Sarah Marcus

Globe and Mail
April 25 2010

Armenians disagree whether opening border should be conditional on
neighbouring Turks acknowledging genocide

.Armenians came in the tens of thousands, climbing slowly up a steep
hill to lay flowers at a monument in the country's capital, Yerevan,
commemorating up to 1.5 million of their forebears who were massacred
under the Ottoman Turks during the First World War.

This year marks the 95th anniversary of the mass killings, recognized
by some countries, including Canada, as genocide. To Armenians'
continuing outrage, Turkey rejects this label, accepting that many
Christian Armenians - though not up to 1.5 million - were killed,
but stressing that this happened as part of the wider conflict and
that many Muslim Turks and Kurds died too.

This year, for the first time however, a commemorative event will be
held in Istanbul, led by a group of Turkish intellectuals.

The mood among the huge crowds paying their respects in Yerevan was
reflective and sober, with many people reduced to tears.

"There is not one person in Yerevan who did not lose at least one
family member in the genocide,' says 25-year-old Gagik Petrosyan,
whose great grandmother was killed.

The period of terror commemorated on Saturday was something that
100-year-old Tigranuhi Asatrian witnessed first hand.

In 1918, when she was eight, she and her family fled their village in
the region of Kars, then located on the western fringes of the Russian
Empire, only escaping alive because Turks with whom her father worked
warned him of the violence being unleashed against Armenians.

Despite this warning, which saved her life, Ms. Asatrian said she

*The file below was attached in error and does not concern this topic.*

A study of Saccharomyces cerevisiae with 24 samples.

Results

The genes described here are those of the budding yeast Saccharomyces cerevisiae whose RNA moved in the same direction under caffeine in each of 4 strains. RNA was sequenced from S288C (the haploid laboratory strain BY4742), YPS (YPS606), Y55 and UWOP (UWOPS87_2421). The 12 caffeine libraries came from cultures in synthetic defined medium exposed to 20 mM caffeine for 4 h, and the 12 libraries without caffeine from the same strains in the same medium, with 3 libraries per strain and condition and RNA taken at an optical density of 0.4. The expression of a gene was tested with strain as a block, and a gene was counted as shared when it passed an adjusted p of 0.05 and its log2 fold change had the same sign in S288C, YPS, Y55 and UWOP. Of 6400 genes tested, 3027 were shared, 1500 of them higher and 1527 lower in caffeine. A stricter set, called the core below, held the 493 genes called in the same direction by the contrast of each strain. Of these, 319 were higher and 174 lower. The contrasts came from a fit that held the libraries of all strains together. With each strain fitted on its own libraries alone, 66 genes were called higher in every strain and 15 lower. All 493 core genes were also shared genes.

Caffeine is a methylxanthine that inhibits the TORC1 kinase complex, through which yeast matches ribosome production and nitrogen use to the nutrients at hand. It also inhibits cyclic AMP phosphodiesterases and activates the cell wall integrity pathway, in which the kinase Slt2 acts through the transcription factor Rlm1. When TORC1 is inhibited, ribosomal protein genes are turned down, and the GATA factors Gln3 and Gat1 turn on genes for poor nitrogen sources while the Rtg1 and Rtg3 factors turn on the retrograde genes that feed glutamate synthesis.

cannot forgive the Turks.

"I saw too much to forgive. I saw children raped. I saw a five-year-old
boy whipped to death," she said in an interview in the one-room
Yerevan apartment she shares with her son and daughter-in-law.

She often stands on her small balcony, staring out at snowy Mount
Ararat, the enduring symbol of Armenia, looming over the city.

"It is as if she is remembering her homeland," said Gayane Asatrian,
her daughter-in-law.

Ararat is now out of reach for her mother-in-law, located over the
border in modern Turkey, in an area that Armenians consider their
rightful land.

For some of the many ethnic Armenians scattered across the globe,
only their ancestral turf feels like home.

Armenian-Canadian Zabelle Berberian, 54, is one of them. Her forebears
fled the genocide and arrived, via Lebanon, in Canada. She left Toronto
in 1986, fulfilling a lifelong dream of getting married in Armenia -
her husband is also Armenian-Canadian - and then settling in Yerevan.

"I feel at home in Armenia. The culture brought me back here,"
she says.

Many Armenians abroad are active lobbyists for wider international
genocide recognition.

Recent attempts to quell nearly a century of animosity between Turkey
and Armenia faltered two days before this year's anniversary.

Armenia's President Serzh Sargsyan announced on Thursday that his
country would put on hold but not abandon negotiations to normalize
relations with Turkey, which were kick-started a year ago.

Once ratified by both countries' parliaments, the agreement would have
seen the border open, but that opportunity appears stymied for now.

An open border would benefit both countries, increasing Turkey's
influence regionally and giving Armenia an economic boost, and some
observers say progress may still be made.

Some Armenian critics said that no agreement should have been made
until Turkey recognizes the killings as genocide, but many Armenians
want the border to open and think that it should not be linked to
this question.

As the politicians wrangled, Ms. Asatrian mapped a seemingly simple
yet so far elusive path forward.

"Turkey should ask for forgiveness and Armenia should give it,"
she says, "and our peoples should live well together."